Offbeat. It’s a word that gives us goals to be different, to stand out, be bizarre or unconventional or anything that sets us apart. It’s a search for our individuality that pushes us to explore beyond the ordinary, to go against popular custom.
Off late though, it can get pretty hard to tell the difference between whether you are really being different or simply following a trend? Because what was considered path-breaking and unique in 1999 could, in today’s times, be rather ordinary. Older generations may still be coming to terms with several concepts that millennials have adopted as their own, but let’s stop pretending, at least among ourselves, that everything we do is original. Chances are there’s someone before you who has been there, done that, and also recorded it on Instagram. Happy catching up!
Travelling to lesser-known places
Just search for “Offbeat places to visit in India” and you will find a minimum of twenty websites wholly and solely dedicated to give you the best curated list possible.
Public interests now lie in backpacking to tiny unheard, unseen, unknown places and explore it. So much so that it’s become a trend. Now everybody is either going for a road trip to Ladakh, substituting Goa with Gokarna, or trekking in Kasol, consequently putting a whole lot of pressure on these places and often eroding their offbeat charm.
Don’t believe us? Here’s a Buzzfeed essay that highlights just how much pressure unprecedented tourism has put on the tiny town of Leh, after the massively successful Three Idiots was shot there.
Not just that, the ease of travel in present times has also turned a whole host of people into travel bloggers, a breed of millennials who claim to ‘travel for a living’. Which brings me to my next point..
Doing something ‘different’
Gone are the days when career options were limited to Engineer, Doctor, CA or Law, if one wanted to succeed. And, therefore, gone are the days where career options like Writing, Photography, Filmmaking, Digital Marketing, etc were considered rare and offbeat.
Radhika S. Bhatnagar, an MBA student who wants to be a copywriter says, “Everyone pursuing a mainstream course is somewhere dreaming of getting that excitement from their work. These supposedly offbeat opportunities give us that today, and therefore, it’s possibly why they’re not really offbeat anymore, except maybe to our parent’s generation.”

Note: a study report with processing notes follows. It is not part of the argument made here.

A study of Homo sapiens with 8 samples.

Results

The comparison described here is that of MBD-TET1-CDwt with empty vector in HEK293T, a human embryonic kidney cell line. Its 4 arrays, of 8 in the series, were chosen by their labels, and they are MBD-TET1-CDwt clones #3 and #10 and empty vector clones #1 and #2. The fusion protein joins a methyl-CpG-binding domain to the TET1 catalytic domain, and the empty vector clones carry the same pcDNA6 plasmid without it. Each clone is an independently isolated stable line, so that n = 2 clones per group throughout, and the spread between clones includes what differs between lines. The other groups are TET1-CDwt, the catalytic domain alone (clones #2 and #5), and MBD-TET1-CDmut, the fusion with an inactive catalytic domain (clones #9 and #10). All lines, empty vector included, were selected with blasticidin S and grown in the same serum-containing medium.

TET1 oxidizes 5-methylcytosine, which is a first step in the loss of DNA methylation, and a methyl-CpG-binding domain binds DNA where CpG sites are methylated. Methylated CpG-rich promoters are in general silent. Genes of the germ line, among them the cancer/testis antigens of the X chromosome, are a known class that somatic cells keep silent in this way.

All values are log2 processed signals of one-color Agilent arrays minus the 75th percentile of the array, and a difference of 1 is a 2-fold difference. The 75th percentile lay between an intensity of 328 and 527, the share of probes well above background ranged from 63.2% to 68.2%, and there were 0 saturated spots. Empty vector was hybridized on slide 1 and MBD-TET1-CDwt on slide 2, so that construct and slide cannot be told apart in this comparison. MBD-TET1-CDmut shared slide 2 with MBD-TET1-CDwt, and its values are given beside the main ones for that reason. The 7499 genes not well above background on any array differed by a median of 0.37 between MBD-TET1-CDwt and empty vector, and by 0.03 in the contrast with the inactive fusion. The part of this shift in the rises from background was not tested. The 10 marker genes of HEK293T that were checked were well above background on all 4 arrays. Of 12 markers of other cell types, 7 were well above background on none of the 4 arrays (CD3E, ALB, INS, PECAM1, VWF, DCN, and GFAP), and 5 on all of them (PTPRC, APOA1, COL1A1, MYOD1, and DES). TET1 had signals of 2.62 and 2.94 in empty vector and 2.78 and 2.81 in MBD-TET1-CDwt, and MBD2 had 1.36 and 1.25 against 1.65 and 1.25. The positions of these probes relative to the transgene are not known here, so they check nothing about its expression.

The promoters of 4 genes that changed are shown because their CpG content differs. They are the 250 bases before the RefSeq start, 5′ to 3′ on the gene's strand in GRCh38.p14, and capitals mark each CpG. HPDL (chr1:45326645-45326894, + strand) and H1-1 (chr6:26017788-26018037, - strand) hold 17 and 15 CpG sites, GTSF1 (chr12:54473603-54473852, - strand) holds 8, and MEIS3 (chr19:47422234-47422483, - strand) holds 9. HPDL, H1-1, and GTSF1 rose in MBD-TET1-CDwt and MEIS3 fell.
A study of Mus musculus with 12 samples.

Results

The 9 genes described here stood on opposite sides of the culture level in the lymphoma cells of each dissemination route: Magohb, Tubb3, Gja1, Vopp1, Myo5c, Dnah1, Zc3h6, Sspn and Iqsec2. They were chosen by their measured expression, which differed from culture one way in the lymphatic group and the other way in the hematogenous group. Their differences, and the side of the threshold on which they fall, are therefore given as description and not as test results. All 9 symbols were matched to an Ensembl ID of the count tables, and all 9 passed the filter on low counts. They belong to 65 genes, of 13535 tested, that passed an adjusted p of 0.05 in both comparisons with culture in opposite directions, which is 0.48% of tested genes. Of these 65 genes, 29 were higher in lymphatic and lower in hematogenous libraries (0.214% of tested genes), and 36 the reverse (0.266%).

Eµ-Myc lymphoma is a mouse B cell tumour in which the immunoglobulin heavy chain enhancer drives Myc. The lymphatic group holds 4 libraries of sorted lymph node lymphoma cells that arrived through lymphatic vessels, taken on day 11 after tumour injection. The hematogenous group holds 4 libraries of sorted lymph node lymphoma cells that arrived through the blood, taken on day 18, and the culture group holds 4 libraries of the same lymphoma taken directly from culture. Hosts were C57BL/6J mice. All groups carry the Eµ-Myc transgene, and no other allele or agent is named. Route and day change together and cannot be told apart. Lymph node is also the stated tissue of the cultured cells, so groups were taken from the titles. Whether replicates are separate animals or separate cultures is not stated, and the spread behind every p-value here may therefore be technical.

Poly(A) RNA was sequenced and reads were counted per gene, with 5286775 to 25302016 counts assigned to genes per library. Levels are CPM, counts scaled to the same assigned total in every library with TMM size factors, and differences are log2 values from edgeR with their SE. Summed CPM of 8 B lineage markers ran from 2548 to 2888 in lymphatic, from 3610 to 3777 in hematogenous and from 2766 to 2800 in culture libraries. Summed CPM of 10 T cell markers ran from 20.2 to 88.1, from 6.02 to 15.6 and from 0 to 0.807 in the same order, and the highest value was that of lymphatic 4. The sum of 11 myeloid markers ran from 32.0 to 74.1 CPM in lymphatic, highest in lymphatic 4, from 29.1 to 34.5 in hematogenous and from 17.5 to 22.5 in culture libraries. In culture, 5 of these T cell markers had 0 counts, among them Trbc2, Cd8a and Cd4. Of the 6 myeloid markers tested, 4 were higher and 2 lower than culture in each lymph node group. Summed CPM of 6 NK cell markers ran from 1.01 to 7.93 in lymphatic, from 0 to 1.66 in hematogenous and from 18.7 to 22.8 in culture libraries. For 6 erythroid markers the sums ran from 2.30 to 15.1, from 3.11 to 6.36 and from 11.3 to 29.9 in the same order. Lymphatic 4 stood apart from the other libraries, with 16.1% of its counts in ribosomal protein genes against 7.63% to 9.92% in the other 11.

We all have that friend in our Facebook newsfeeds who is wine tasting in South Africa or watching the Northern Lights from Alaska. The truth is that more and more millennials today are simply doing what they want to do without worrying about what people will say or think. As a result, even their families are finding a semblance of security in previously unheard of career choices, which adds some normalcy to these roles.
Gone are the days when being an atheist called for a huge rebellious spirit or created too much hungama. Millennials today, even those from conservative societies in India, are learning to question their beliefs in religion and looking for answers in science or humanity.
Ayush Nathani, a student of engineering and an avid reader, recalled a very appropriate quote by Richard Dawkins, “We are all atheists about most of the gods that humanity has ever believed in. Some of us just go one god further.” Among themselves, millennials rarely discuss the topics of religion or God anymore, and the age-old brouhaha over being a non-believer is no longer a thing.
Even though this concept is not yet completely accepted by Indian parents, the children have fully given into it. The old-world conventional ‘shaadi ke baad saath rehna’ is slowly dying away and there is no big deal about it.
Live-in relationships are like testing the waters before actually getting into it. More and more couples today are opting for live-ins, either as a replacement to marriage or as a crucial test before it. From a practical perspective, it makes a lot of sense: it’s the balance of spending enough time together while also gauging your respective domestic temperaments. In fact, even our Supreme Court has claimed that live-in relationships are now an acceptable norm in society.
So, the next time you’re biking to Ladakh, quitting your job to take up pottery, waxing eloquent on being an atheist, or moving in with your partner, remember, there’s no need to make a Facebook fuss over it. It only means that you, too, are part of the mainstream now. Welcome.